Running Niggles IV: Iliotibial Band Syndrome (ITBS)

Lots of things can hurt when you start to run. A few twinges and aches can be normal when you’re asking your body to do something it isn’t used to doing. The excitement of discovering you can run, when you may not have thought it was possible, and the joy of being on the road, can lead you to going too far too soon. Injury is then just around the corner so it’s wise to take your time. The iliotibial band (ITB) is one part of the body which is particularly problematic to runners of all abilities who are quickly increasing their running distance or frequency. Many, many runners have experienced iliotibial band syndrome so it’s worth being informed about it.

What is ITBS

The ITB is a tough, fibrous band of tissue that runs from the hip along the outer aspect of the thigh and attaches into the knee. You can feel pain anywhere along the ITB but the most frequent site is at the knee. It’s not uncommon for runners to think they have a knee problem when in fact the issue is the ITB. We don’t really understand why the ITB causes pain but it’s probably not as simple as purely friction of the tissue against surrounding structures. Women are affected more often than men so anatomy, such as a wider pelvis and the angle of the thigh bones are almost certainly involved. Biomechanics and running gait have a role to play too. Pain tends to come on during running, usually about the same distance into a run.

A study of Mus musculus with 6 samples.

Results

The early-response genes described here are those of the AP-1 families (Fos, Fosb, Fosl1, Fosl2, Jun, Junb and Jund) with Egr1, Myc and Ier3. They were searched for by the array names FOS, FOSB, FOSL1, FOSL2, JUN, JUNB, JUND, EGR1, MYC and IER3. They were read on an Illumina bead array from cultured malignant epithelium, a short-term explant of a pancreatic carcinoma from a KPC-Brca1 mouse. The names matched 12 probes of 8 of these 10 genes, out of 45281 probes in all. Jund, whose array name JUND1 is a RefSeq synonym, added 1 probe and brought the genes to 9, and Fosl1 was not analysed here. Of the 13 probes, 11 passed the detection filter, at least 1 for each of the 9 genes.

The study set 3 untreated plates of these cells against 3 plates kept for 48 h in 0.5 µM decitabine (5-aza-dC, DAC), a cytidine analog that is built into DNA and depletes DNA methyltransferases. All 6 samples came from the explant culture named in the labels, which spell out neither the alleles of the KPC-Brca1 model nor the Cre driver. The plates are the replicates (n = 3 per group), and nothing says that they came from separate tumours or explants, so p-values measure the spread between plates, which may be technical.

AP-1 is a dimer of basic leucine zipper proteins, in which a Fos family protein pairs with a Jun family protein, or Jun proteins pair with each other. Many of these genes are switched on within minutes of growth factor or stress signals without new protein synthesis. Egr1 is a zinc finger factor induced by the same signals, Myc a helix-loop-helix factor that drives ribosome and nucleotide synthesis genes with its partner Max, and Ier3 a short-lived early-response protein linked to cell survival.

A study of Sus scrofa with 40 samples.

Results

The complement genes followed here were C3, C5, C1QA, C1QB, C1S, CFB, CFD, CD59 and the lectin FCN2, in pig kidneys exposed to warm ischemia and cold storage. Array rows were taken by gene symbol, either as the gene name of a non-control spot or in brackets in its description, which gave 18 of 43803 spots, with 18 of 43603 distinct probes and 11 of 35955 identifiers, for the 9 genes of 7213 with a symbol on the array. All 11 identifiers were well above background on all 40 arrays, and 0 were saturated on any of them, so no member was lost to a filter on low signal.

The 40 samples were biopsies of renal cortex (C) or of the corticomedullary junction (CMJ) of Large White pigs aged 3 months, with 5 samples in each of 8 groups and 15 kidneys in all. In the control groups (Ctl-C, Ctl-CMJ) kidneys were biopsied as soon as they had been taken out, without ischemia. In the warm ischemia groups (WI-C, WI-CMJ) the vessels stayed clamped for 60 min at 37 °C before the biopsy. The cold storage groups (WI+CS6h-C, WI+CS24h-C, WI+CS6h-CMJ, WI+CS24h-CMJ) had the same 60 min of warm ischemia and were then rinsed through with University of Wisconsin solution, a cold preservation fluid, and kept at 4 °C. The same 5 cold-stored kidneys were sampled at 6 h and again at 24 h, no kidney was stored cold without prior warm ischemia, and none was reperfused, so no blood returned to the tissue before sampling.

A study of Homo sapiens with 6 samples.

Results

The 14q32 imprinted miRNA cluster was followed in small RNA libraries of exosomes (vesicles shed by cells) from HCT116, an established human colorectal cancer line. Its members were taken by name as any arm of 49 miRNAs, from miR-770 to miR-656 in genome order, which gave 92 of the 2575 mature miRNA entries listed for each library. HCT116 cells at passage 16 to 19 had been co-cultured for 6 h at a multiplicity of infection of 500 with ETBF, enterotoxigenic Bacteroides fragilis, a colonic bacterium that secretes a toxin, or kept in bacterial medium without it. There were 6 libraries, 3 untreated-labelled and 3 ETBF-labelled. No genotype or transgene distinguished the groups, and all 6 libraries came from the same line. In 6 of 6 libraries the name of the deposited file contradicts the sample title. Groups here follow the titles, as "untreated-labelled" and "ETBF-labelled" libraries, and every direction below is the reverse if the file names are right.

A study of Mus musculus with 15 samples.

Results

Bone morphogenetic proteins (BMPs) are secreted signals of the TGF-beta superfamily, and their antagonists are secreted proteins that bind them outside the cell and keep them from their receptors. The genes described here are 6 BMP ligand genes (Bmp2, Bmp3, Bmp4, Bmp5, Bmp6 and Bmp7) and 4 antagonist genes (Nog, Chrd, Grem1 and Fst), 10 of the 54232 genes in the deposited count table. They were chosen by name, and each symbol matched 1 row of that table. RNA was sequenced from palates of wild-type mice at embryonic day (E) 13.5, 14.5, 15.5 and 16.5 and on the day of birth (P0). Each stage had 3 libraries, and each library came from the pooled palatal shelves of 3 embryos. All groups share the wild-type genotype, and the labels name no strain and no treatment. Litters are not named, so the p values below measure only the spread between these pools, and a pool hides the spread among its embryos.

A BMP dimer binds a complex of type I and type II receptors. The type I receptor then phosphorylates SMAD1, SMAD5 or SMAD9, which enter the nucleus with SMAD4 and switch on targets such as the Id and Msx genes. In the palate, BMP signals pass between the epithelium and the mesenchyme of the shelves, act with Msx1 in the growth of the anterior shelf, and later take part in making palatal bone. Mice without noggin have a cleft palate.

What to do if you have ITBS

ITBS can be incredibly frustrating. Just when you’re running well and increasing your distance you find you can’t carry on. ITBS usually settles in a couple of months, though some people may be affected for six months or longer. The key is allowing it to settle, working on weaknesses in your body that may be underlying and exacerbating it and then building up your running slowly again.

Here are some tips for runners with ITBS:

·         Reduce your running distance, you may have to stop running completely for a while if running causes pain

·         Try other activities such as walking or swimming meantime

·         Do daily ITB stretches

·         Massage and foam rolling during ITBS are controversial; do what feels good

·         See a physiotherapist that specialises in running gait to identify underlying weaknesses

·         Strengthening the glute and hip muscles with body weight and resistance band exercises can help

·         Restart running gradually, with good posture and continue the strength work and stretching.